As the motor vehicle population increases on Indian roads, so does the risk of accidents, crashes, and deaths. While the latter is an eventuality, we can certainly avoid an untimely death caused by vehicular accidents. Sadly, road traffic rules aren't as strict as needed in India, and we have the highest rate of fatalities when it comes to road accidents. That's a statistic that needs to change. So, it's is important that we discuss road safety time and again and when better than the National Road Safety Month (January 18 - February 17). In light of the same, here are five road safety rules that you should know about and must absolutely follow.
1. Seatbelts and Helmets at the back are mandatory
It's taken a long time for India to adopt seatbelts in the front seats. Even then we still hear about cases where the occupant wasn't wearing a seatbelt at the time of the crash. However, did you know that seatbelts at the back have been just as mandatory under the Motor Vehicles Act of 1988 and Central Motor Vehicles Rules 1989? It's a different thing that traffic officials did seldom fine you for not wearing one. Nevertheless, the Delhi Police has become one of the first institutions to do so, and now, not wearing a seatbelt in the second row will attract a fine of up to ₹ 1,000 in the national capital. Similarly, the MVA rules have always mandated helmets for the pillion on a two-wheeler. However, implementation of the rule has not been commonly seen. Nevertheless, cities like Bengaluru already have this rule in place and the city does it quite seriously. And in case you don't remember, master blaster Sachin Tendulkar has been advocating it for ages now.
2. Right of Way
Another rule that's often overlooked on Indian roads is who gets the right of way at an intersection. At locations that aren't being regulated by a signal or a traffic official, it is important that you stay extra vigilant to avoid accidents. As a rule, if the road entered at an intersection is the main road, always give way to the vehicles proceeding along the road. In other cases, give way to all traffic approaching the intersection on the right hand. Also remember, pedestrians have the right of way at uncontrolled pedestrian crossings. In simpler terms, it is the responsibility of the driver to avoid the pedestrian on the road at all times.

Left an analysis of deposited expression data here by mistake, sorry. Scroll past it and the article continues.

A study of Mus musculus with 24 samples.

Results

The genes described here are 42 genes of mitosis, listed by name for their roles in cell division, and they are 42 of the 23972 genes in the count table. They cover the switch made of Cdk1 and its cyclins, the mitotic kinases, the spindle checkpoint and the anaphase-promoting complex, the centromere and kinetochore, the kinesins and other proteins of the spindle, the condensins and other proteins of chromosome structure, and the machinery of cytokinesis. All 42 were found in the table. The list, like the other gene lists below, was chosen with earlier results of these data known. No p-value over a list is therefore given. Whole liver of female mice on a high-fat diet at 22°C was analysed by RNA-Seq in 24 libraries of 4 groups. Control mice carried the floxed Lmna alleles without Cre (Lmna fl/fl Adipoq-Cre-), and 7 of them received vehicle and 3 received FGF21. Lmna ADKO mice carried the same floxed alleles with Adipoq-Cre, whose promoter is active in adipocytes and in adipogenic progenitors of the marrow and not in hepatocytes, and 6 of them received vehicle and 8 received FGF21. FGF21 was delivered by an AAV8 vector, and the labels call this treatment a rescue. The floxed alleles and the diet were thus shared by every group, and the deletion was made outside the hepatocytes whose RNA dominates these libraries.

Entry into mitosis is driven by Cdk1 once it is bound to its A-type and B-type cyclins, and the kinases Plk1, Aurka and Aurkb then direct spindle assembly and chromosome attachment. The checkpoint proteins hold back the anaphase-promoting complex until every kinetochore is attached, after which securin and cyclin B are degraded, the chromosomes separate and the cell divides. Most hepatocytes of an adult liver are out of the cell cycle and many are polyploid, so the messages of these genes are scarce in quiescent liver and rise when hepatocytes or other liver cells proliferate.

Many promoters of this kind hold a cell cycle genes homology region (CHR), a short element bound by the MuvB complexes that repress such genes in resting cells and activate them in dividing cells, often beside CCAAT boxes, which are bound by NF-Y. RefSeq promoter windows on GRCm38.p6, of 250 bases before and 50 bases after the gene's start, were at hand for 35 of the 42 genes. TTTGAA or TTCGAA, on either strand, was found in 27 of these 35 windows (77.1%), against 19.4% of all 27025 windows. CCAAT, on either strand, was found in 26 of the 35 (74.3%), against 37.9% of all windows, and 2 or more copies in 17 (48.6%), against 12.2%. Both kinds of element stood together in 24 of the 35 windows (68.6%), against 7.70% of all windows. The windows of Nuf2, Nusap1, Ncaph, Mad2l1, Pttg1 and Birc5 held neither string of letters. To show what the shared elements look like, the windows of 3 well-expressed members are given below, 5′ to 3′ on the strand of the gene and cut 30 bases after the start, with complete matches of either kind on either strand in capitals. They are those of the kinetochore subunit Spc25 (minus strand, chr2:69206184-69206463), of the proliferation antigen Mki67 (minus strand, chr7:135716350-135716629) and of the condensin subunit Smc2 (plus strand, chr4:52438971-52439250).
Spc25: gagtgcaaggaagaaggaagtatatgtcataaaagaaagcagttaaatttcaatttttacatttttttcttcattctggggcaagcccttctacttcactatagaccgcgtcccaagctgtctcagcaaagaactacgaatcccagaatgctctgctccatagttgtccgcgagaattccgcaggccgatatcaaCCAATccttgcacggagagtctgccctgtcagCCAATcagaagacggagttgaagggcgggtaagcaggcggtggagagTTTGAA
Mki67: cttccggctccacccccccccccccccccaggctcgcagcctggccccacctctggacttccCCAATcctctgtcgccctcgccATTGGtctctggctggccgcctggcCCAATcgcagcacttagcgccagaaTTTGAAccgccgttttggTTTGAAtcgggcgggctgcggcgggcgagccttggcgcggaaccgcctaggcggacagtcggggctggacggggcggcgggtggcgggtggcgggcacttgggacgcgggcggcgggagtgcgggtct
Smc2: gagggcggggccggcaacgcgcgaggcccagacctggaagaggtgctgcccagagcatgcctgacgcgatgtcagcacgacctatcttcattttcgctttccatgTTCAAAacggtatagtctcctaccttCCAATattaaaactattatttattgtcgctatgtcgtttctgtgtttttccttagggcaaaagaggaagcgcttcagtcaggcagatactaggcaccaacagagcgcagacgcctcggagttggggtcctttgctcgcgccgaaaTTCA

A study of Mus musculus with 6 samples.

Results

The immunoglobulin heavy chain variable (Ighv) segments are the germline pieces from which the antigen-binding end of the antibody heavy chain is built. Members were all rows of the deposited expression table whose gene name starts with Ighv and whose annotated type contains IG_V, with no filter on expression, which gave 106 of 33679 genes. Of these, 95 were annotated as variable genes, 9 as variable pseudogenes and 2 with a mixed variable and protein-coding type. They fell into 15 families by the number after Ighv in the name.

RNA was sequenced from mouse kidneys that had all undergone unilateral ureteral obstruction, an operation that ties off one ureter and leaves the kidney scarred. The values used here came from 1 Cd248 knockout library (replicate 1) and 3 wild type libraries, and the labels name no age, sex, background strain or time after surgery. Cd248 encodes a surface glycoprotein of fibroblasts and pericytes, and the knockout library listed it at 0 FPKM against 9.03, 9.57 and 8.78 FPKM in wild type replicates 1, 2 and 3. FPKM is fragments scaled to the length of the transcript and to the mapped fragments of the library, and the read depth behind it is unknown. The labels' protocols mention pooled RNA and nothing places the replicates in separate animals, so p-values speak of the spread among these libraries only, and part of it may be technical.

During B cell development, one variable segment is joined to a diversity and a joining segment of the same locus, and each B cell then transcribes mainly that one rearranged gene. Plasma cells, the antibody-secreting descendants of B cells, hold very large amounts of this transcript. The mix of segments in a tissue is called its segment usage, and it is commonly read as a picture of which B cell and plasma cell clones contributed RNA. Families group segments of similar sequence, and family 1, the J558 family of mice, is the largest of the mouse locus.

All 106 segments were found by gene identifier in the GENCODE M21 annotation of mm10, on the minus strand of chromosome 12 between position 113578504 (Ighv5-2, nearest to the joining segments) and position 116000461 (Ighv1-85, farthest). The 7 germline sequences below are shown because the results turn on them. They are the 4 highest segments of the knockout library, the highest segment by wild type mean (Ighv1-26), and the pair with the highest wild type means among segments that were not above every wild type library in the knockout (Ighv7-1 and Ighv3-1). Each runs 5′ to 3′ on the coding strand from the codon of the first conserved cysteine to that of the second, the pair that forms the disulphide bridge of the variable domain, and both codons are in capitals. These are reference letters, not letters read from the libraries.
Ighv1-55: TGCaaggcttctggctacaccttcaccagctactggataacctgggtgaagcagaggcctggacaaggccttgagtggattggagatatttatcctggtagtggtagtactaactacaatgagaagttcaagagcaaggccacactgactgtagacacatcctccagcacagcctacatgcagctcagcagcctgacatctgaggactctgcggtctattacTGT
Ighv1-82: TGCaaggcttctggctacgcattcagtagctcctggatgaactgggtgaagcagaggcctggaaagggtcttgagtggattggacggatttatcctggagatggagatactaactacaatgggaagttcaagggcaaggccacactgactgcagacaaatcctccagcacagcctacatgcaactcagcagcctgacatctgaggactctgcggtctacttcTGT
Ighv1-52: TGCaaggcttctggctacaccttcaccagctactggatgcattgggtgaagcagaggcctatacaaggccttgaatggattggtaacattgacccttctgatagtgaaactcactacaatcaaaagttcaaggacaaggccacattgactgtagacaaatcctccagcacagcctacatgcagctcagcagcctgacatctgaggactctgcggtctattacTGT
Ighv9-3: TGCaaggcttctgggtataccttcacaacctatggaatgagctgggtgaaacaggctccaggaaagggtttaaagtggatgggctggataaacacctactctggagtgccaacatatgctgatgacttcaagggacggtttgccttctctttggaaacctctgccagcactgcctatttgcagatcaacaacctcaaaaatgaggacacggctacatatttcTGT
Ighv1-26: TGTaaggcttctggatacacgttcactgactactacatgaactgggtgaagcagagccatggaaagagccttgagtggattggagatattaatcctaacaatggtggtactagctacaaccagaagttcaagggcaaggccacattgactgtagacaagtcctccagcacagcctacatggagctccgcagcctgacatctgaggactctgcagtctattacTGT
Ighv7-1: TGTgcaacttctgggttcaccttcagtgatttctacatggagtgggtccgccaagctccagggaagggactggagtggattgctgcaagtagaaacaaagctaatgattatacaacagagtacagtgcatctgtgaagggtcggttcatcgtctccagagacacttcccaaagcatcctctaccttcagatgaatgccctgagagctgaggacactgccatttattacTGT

3. Speed Thrills? Take it to the track
Road rage unfortunately is a big problem, more than people realise, and often leads to deaths at the hands of inexperienced drivers. Public roads aren't racing tracks and not the place where you choose to test the abilities of your vehicle that's clearly designed for more road-oriented duties. Under the Motor Vehicle Act, violators will be charged up to ₹ 5,000 as a fine for racing and speed-testing and could also be imprisoned up to one year in case of a first offense. A second offense will attract a fine of ₹ 10,000 and/or imprisonment of up to six months. Similarly, overspeeding is punishable up to ₹ 2,000, while rash driving can attract a fine between ₹ 1,000-5,000 on light motor vehicles.
4. Look for Stop Lines
With traffic cameras getting more common in cities and developed parts of the country, it's important that you vary of stopping behind the Stop Lines. The stop lines are double white stripes followed by the zebra crossing at a traffic signal. Should you stop after the line, it will attract a fine of up to ₹ 100 under the 113(1)/177 section of the motor vehicle rules. Before you know it, multiple fines have accumulated online. In case of non-payment of fines, the traffic officials are well within their rights to confiscate the vehicle till the fines are paid. So, the next time you arrive at a signal, make sure you check and stop 'behind' the white line.
5. Either Drink or Drive
We can't stress enough but driving under influence is a strict no. This isn't just about your life but also of the pedestrians on the road. If the time has taught us anything, even the footpaths aren't safe if the steering wheel is in the hands of a drunk driver. So, don't be that person. Apart from the fact that you will be charged with culpable homicide not amounting to murder under IPC Section 304, should someone die; the Motor Vehicles Act 1988 pretty much has this covered. Under section 185-202, the permissible limit of alcohol allowed is 30 mg per 100 ml. Anything beyond this figure can get you arrested without the need for a warrant. You will be fined up to ₹ 10,000 and/or imprisoned for up to six months for the first offense, while the punishment will increase to ₹ 15,000 or two years of imprisonment in case of the second offense. To put it simply, it's not worth the effort and best to hire a cab or ask someone else to drive.